What Is the Difference Between Running Shoes & Walking Shoes?

By Kimelia Sachs

Running and walking shoes might look similar at first glance, but they are two different types of shoes with different types of purposes. They both support the feet, but feet need different forms of support when running and walking. Knowing the differences between each and knowing what to look for when shopping can prevent you from choosing a pair of ill-fitting shoes that may cause an injury.


The difference between running and walking shoes is found in the sole of the shoe. Runners need more cushion for their feet, more stability for impact absorption and a wider tread grip. Walkers don’t have to worry as much about shock absorption or a wider tread, so these type of shoes are generally lighter than running shoes. However, walkers do need to support their feet.


Running shoes must cushion the bottoms of the feet. Soles must be thicker and more rigid than walking shoes. Running shoes have outsoles, upper, mid-soles, medial post and shank. The outsole is the very bottom of the shoe and the mid-sole, which provides the bulk of support for the foot. The mid-sole is the most important part of the shoe, according to American Academy of Podiatric Sports Medicine, and it is made of EVA, foam that works like a shock absorber. The medial post is a device in the mid-sole that is more rigid than the mid-sole, usually made of thermoplastic urethane carbon fiber.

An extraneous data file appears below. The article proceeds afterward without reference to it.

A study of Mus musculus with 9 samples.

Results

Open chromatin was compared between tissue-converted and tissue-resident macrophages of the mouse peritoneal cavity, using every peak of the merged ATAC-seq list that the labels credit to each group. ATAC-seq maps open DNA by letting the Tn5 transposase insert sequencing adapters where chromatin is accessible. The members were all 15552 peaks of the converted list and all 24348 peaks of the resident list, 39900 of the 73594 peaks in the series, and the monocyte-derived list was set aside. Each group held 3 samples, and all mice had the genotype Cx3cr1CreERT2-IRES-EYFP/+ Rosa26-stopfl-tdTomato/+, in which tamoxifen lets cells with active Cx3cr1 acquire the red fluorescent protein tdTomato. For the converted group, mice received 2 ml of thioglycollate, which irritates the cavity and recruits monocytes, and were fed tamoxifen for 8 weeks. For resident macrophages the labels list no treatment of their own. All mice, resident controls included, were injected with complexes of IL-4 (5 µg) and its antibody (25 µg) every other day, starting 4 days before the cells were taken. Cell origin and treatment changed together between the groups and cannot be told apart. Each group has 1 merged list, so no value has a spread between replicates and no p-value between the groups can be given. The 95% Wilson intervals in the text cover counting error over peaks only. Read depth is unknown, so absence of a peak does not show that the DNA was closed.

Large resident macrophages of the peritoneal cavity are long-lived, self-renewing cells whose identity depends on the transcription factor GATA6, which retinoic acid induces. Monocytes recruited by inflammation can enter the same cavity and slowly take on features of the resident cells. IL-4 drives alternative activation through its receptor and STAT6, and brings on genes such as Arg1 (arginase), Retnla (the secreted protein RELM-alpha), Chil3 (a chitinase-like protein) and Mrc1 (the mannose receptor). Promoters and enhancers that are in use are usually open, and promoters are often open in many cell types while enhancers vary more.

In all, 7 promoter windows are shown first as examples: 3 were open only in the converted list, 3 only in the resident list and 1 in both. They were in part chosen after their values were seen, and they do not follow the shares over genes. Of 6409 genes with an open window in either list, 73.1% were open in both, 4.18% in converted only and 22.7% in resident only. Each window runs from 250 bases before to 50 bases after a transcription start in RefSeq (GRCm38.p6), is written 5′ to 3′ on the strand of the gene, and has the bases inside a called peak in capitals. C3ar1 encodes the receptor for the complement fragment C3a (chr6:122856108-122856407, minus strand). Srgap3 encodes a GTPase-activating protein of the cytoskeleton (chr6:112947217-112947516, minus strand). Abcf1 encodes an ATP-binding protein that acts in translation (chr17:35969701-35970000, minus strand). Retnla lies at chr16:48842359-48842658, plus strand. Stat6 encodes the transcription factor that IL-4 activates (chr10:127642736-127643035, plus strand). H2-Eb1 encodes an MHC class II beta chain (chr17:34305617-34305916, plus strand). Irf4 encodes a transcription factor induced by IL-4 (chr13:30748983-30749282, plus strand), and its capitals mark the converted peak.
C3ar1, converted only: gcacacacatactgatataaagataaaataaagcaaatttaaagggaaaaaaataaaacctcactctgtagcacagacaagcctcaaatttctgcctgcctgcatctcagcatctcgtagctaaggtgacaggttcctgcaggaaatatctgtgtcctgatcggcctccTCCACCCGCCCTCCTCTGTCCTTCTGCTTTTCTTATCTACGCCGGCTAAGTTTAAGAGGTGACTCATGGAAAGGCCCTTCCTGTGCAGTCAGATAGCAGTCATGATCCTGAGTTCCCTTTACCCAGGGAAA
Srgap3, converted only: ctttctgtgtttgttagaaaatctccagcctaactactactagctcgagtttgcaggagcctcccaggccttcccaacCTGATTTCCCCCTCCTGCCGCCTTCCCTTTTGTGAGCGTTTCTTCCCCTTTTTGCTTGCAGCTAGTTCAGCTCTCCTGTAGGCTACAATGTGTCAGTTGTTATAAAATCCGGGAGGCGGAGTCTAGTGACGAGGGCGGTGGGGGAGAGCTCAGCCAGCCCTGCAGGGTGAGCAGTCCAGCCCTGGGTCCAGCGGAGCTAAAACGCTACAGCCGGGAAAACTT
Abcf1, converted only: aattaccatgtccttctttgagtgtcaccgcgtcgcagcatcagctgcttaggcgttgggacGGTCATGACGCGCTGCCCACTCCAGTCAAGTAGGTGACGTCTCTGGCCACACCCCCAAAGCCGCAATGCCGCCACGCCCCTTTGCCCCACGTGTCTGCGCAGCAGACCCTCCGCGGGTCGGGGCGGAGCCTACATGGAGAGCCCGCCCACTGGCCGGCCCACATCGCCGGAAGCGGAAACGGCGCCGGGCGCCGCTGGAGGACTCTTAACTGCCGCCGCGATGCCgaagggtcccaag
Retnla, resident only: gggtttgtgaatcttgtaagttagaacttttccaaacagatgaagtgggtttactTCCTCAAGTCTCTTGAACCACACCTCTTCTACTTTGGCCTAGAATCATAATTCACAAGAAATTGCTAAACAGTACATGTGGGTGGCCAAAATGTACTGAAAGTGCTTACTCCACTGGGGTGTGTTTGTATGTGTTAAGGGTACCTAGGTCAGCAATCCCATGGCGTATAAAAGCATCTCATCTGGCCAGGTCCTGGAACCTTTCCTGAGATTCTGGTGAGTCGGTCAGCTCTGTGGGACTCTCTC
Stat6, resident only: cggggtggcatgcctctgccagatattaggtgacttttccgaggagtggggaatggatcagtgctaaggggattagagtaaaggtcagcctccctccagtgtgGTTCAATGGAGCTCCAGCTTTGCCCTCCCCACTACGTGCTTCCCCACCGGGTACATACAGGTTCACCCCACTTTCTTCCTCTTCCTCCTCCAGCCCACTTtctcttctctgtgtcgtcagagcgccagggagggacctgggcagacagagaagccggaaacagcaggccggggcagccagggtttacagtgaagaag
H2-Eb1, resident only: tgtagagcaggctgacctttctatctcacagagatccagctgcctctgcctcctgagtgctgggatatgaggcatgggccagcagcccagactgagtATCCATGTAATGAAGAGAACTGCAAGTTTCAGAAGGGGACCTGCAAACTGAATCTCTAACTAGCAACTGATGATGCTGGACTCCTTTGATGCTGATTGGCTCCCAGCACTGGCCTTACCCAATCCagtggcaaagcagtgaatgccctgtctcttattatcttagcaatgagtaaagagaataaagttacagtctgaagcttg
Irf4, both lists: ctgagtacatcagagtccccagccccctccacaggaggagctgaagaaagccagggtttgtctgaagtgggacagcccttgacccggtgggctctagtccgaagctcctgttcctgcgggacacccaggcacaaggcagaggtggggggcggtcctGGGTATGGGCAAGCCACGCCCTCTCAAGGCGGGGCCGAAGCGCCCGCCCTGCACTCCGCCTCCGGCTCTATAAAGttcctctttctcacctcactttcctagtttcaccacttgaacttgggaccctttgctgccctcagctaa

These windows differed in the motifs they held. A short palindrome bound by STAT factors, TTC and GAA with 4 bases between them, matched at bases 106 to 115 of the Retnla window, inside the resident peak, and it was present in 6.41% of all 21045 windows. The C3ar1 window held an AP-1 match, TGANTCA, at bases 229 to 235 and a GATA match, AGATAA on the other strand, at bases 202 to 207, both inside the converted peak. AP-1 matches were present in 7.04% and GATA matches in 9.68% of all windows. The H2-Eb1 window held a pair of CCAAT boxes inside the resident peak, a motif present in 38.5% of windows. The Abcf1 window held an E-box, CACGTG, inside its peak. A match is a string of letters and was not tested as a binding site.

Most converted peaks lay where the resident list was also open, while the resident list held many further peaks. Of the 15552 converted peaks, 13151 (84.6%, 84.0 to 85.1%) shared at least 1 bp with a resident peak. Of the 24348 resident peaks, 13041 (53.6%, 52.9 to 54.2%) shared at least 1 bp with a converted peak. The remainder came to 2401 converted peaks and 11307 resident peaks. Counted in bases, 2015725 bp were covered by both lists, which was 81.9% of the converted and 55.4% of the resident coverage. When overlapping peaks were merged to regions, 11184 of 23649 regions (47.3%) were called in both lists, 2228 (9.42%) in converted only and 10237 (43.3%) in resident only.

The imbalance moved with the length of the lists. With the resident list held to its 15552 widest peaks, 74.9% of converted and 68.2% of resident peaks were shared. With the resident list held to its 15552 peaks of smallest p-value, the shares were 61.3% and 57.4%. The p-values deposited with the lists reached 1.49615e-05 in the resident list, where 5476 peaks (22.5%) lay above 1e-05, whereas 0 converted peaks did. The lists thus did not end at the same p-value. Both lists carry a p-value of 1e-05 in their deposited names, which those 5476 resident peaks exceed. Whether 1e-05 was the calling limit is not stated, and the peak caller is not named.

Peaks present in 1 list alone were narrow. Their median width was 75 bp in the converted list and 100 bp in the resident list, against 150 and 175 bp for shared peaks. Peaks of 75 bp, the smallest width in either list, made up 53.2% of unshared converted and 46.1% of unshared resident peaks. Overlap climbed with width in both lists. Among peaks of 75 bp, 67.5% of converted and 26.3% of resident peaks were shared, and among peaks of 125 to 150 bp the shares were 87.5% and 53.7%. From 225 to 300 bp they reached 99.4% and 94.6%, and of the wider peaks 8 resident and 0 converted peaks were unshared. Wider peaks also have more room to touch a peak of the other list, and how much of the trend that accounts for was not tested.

Walkers’ heels strike the ground first, so their shoes need to have heels with increased stability. They need stability to roll the foot ahead and push off with the toe. Walking shoes also have soles constructed of different densities of EVA.


Running shoes are available in many types, including trail, street and track running. Each of these styles conforms to the needs of the feet when running, such as providing extra support for pronation or supination.

Walking shoes enhance walking while providing support with rounded heels, flexible soles. A good pair of walking shoes will compensate for people who walk with overpronations.


Stability is an important aspects of both kinds of shoes, reports the American Academy of Podiatric Sports Medicine, They protect against pronation and lesson the risk of injuries, such as sprained ankles.

Look for soles that match the bottom of your foot, recommends Prevention. The bottom of a running or walking shoe can be flat, curved or semi-curved. The best fit will mold to the shape of the bottom of your feet.


When shopping, wear the kinds of socks you intend to wear with your running or walking shoe. A shoe should never feel tight on the sides of your feet. Women with wide feet may find better fitting shoes in the men’s or boy’s departments. Shop later in the afternoon after you’ve been on your feet, when they are swollen to their largest size, according to Mayo Clinic.